When will a COVIID-19 vaccine be ready?

A Phase-1 clinical trial on 45 healthy volunteers between the ages of 18 and 55 years has begun in Seattle, US. Different vaccine approaches are being undertaken against the novel coronavirus


A Phase-1 clinical trial on 45 healthy volunteers between the ages of 18 and 55 years has begun in Seattle, U.S.

Different vaccine approaches are being undertaken against the novel coronavirus

More than 11,402 people have succumbed to the pandemic worldwide so far

The vaccine that is being tested in the U.S. is called mRNA (or messenger ribonucleic acid)-1273

It has been developed in partnership with the Vaccine Research Center at the National Institutes of Health (NIH) ..

...and their collaborators at the biotechnology company Moderna, Inc. based in Cambridge, Massachusetts, U.S.

According to the World Health Organization, over 40 different candidate vaccines for COVID-19 are in development.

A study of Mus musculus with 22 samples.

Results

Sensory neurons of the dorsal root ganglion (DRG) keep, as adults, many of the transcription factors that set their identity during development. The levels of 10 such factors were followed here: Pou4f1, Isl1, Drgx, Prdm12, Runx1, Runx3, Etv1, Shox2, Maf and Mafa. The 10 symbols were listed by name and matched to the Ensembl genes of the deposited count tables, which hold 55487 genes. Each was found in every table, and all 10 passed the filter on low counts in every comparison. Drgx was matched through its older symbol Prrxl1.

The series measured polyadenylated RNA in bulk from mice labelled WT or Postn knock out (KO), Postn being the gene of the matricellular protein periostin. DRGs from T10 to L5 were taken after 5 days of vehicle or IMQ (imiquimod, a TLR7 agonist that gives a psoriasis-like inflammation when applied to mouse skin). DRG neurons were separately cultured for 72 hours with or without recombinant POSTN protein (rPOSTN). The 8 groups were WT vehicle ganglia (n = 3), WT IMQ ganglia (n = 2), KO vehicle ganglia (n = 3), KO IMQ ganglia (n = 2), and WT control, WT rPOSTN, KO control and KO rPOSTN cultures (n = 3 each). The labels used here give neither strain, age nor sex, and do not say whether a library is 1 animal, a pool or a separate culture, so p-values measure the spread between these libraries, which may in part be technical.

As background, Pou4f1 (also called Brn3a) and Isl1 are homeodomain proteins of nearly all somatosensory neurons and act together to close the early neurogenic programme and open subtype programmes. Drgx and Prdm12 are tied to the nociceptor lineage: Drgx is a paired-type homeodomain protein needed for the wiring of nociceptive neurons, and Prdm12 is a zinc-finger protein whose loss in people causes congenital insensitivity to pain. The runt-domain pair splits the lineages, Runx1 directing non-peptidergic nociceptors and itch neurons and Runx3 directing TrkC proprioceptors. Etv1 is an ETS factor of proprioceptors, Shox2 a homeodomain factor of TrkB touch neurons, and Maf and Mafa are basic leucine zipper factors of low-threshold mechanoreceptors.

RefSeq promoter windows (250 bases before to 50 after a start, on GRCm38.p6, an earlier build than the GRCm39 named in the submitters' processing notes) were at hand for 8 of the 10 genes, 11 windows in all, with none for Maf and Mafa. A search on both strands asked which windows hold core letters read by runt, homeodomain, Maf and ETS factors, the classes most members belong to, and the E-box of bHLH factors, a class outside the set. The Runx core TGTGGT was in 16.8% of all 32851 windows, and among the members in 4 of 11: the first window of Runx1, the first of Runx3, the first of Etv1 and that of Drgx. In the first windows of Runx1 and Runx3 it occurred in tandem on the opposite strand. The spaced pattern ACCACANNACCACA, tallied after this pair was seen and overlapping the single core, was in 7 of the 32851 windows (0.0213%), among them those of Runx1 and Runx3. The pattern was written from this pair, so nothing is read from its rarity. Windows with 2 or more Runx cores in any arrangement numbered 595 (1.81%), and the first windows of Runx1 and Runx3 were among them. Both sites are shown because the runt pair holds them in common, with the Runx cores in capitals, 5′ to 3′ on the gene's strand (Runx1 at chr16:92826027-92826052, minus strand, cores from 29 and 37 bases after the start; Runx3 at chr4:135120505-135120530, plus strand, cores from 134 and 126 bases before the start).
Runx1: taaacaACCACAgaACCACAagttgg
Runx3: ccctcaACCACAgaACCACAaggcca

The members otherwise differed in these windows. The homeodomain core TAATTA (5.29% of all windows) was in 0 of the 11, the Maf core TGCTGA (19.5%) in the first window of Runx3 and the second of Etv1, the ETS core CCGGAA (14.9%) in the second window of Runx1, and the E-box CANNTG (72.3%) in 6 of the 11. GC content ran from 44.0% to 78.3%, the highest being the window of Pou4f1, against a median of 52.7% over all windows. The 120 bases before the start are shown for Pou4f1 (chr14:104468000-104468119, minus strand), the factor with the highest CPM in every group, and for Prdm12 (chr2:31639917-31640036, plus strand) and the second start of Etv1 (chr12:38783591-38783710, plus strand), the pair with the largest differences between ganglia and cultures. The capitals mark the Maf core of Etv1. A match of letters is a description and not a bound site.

These include an inactivated vaccine being developed in China (Sinovac) using purified COVID-19 virus killed with formaldehyde (a chemical).

A live attenuated vaccine being developed by Codagenix, uses a genetically engineered COVID-19 virus that replicates very poorly.

There are multiple other vaccine candidates under development that use DNA, RNA, viral vector and subunit protein platforms.

An experimental COVID-19 vaccine called mRNA-1273 was developed by Moderna

Phase 1 study to evaluate its safety and immunogenicity (i.e. ability to raise immune responses) in humans is being conducted by the NIH.

The novel coronavirus causing pneumonia in Wuhan, China was identified on January 7; China shared its genetic sequence on January 12.

On February 24, the mRNA-1273 vaccine was sent to NIH for human testing and on March 16, it was given to the first set of human volunteers.

Never before has a candidate vaccine been developed so quickly  from sequence to product in 42 days and start of testing in 63 days.

The mRNA-1273 is a piece of RNA that carries the code to make the COVID-19 virus Spike protein when introduced into cells.

The COVID-19 vaccine has been fast-tracked into humans without prior testing in animals.

Still, it may take one to two years for the clinical trials to be over.